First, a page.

Drug testing is a staple for most companies. Throughout Alaska, employers implement some form of drug testing policy. It is not uncommon for companies to have multiple policies their employees must adhere to, but this is largely dictated by the type of employees a company has or the type of work being performed.
In addition to having multiple policies, companies may also implement alternative testing methods such as hair testing or oral fluid testing. While these methods have grown in popularity in the drug-testing industry, urine testing continues to be the industry standard for both federally regulated employees and non-federally regulated employees.
When a company chooses to use urine tests for its drug testing program, regardless of employee type, employers will likely encounter a direct-observation collection. It is important that employers understand what a direct-observation collection is and when this process is used.
Like other aspects of drug testing, the Department of Transportation (DOT) sets the standard for all situations. When it comes to direct-observation collections, the DOT clearly outlines the requirements for this process and when it is required for a collection to be performed under direct observation. While it is possible for employers to deviate from these requirements for their nonregulated staff, most companies will mirror the requirements put in place by the DOT.
Direct-observation is the process in which an observer will witness the urine pass from the donor’s body into the collection container. Additionally, for a DOT direct obser-vation the donor must raise his or her shirt or blouse to just above the navel, lower the pants and underpants to midthigh and complete a full rotation in view of the observer to ensure a substitution or adulteration device is not being hidden by the donor.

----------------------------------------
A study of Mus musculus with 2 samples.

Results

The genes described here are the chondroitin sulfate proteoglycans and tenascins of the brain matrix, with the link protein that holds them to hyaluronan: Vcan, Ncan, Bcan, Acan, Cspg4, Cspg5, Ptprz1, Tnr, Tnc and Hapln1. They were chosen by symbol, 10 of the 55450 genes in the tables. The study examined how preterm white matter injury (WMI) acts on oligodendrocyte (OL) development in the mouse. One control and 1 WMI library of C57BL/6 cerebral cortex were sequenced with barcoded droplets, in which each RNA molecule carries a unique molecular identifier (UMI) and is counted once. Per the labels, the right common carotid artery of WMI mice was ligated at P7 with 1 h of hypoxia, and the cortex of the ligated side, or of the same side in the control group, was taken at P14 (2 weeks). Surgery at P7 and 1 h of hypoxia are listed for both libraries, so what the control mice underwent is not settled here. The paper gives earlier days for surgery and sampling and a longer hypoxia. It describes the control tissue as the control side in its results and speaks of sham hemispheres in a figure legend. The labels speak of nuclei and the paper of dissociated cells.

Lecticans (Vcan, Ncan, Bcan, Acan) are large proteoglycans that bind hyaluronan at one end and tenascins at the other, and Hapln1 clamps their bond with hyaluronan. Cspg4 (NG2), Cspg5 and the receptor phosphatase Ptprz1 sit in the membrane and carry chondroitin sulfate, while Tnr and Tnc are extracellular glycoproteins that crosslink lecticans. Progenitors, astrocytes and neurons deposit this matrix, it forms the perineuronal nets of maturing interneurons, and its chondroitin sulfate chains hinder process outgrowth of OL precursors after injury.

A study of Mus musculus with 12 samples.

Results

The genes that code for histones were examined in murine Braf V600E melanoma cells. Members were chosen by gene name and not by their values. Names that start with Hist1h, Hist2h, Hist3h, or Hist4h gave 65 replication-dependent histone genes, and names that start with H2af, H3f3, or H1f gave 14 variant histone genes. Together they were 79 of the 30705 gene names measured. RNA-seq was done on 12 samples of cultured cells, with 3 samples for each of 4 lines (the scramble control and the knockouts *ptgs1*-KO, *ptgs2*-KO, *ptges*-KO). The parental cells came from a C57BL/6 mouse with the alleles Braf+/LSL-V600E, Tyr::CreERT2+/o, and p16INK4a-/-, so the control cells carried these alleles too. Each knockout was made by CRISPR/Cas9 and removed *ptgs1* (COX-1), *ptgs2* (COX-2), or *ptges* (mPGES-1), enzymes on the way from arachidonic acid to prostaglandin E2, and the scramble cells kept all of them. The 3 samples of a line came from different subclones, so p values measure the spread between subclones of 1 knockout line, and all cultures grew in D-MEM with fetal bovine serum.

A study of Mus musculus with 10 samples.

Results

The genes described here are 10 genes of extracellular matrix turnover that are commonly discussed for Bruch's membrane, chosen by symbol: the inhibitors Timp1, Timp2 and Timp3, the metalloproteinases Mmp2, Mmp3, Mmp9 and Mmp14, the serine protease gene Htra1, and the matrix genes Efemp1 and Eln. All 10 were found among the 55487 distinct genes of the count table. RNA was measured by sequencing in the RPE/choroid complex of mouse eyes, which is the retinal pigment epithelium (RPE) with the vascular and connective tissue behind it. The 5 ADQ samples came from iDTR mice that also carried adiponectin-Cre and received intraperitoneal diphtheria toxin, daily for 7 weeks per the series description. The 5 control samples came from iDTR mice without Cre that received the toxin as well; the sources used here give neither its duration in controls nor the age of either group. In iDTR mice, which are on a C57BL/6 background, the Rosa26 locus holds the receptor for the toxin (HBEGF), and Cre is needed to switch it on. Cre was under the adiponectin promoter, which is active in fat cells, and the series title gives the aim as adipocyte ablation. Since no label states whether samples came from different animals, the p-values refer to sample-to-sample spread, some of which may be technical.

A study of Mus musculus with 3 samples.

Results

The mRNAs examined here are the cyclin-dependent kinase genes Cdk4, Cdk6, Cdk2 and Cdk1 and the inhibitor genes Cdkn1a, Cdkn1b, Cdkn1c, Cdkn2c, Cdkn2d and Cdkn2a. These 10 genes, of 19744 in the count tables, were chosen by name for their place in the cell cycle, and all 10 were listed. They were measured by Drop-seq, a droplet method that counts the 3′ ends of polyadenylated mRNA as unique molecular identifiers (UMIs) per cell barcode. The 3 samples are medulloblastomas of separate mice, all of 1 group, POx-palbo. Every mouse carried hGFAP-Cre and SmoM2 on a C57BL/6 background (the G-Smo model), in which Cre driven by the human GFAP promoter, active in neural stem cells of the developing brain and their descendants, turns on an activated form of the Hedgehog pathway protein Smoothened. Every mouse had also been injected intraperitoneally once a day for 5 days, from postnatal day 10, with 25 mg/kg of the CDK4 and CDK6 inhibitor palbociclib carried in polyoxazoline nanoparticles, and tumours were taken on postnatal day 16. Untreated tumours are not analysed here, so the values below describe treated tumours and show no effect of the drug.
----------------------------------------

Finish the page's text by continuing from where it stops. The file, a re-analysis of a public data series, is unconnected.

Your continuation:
Once a donor completes this rotation, he or she may return clothing to its original state as long as the observer can continue to observe the urine pass from the donor’s body into the container. The observer is required to be the same gender as the donor. If a collector is not the same gender as the donor, the collector must instruct the observer on how the observation process is completed.
Direct observation collections occur under specific circumstances. Nonregulated employees may be held to a different standard, likely outlined in company policy. For DOT-covered employees, direct observation can only occur under the following circumstances: if an employee attempts to tamper with his or her specimen at the collection site, the specimen temperature is outside the acceptable range, the specimen shows signs of adulteration, a substitution or adulteration device is discovered by the collector before the initial collection, a medical review officer orders the direct observation, or the reason for the test is follow-up or return-to-duty. Under DOT regulations, direct-observation collections are not authorized for any other reason.
Some may consider a direct-observation collection an invasion of privacy, but it is the goal of the DOT and service agents to protect the integrity of the collection process. Without having a direct-observation policy, it may be easy for an employee to substitute or adulterate his or her specimen.
Companies performing DOT-covered work are subject to direct-observation procedures when required, and it is best practice for companies with nonregulated testing programs to implement a similar policy to ensure that the drug testing program is held to the highest standards.